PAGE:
Saturday, December 31, 2016


There is just time to get one quick post in before we roll into 2017. I wonder what kind of gardening year it will be? Hot, cold, wet, dry? I little or a lot of each I imagine and sometimes when unexpected. Rather like the freeze we had while I was away 2 weeks ago. A low in the 20s brought quite a lot of destruction to the garden. Then, mother nature threw in a few 80º days just for good measure. Fortunately most of the potted plants were safe in the greenhouse, potting shed, garage or house.

The garden is looking pretty sad but in the house the plant of the moment is this Sansevieria parva, Kenyan hyacinth. So named because the fragrance is similar to that of the hyacinth. Thanks Julie Marcus for the passalong. Just as you said the fragrance is quite amazing, especially in the evening.

The calamondin orange trees are still bearing fruit. I have already made two batches of marmalade and will make more early in January. Hopefully enough to last the whole year.

The calamondins are one of the hardiest citrus but I don't plan to risk their lives. They are in pots and spend the winter in the house, which they tolerate well.

Already there are there signs that 2017 is on the way.

Gulf coast penstemon


Sunday, December 4, 2016


Fall has been a very short season this year. The heat continued through to late November making it impossible to move the plants I would normally move in the fall. I put in winter annuals-they fried. I planted fall vegs. they were eaten by caterpillars and a huge hatch of tarnished plant bugs.
This weekend winter arrived, with a cold rain and promise of a heavy freeze later this week. It will not be the first as we have already had two frosts between those 80º days. Such is Texas weather. I began to cut back many of the last blooms of the season to tidy up the garden for winter. Now, all that remain are the plants that add a touch of color in the winter garden.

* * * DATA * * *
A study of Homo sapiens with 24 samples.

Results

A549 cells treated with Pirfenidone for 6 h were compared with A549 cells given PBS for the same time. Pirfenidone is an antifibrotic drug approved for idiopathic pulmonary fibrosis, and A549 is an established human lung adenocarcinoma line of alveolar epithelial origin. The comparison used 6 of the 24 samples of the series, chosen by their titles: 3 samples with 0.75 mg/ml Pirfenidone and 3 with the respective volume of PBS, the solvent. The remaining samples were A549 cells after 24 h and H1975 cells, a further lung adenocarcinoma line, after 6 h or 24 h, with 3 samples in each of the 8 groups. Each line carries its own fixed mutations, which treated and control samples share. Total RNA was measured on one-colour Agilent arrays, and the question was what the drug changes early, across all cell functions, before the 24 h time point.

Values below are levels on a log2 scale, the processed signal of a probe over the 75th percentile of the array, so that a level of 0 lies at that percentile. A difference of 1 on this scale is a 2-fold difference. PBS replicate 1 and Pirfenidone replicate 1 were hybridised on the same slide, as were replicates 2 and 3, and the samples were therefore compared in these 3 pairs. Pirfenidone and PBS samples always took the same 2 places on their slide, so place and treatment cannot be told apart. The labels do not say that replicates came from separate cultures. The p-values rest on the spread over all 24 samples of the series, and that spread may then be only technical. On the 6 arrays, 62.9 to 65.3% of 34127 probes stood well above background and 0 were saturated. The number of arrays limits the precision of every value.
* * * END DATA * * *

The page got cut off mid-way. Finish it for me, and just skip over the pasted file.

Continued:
It has been a hard summer for the Felicia rose. Although she continued to bloom throughout the spring and summer, the fall blooming has been a disappointment. Thrips! But on Friday a beautiful rose with the fragrance that no other rose can beat.

And this pretty little flower on the donkey ears kalanchoe, Kalanchoe gastonia-bonnieri. A native of Madagascar it blooms at the same time as it would be blooming where it comes from. I have moved it into the greenhouse for the winter.

The winter window box on the potting shed is filling out. Never mind that when I planted it up, on the ground, I planted it the wrong way around. By the time I realized it it was too late to change so the snapdragons are on the front rather than the back. I love the color on the ornamental cabbages but in my garden a window box is the only appropriate place for these plants. If only I could be more successful with cabbages in my vegetable garden. I tucked in a few seeds of nasturtiums but they probably won't survive a heavy freeze.

There are even a few new blooms on the flowering senna tree, peaking over the wall into the vegetable garden. A seedling tree that needs relocating.

Even the ghost plant, Graptopetalum,  in the sunken garden is showing tinges of color from the cooler nights.

and of course, the Euphorbia tirucalli Sticks of Fire, is also responding to the cooler nights with flashes of red on the new growth.

and here's one of the Philippine violets,  Barleria cristata, seeded alongside the pathway, starting to bloom. What am I going to do with them all? There are at least 6 growing in the wrong places which I will need to relocate when they go dormant. I already have 3 potted up in the greenhouse.

But the real splash of color comes from the Yaupon holly, Ilex vomitoria.

The bird planted pyracantha espalier on the bathroom wall.

It's time for the gardener to take a break!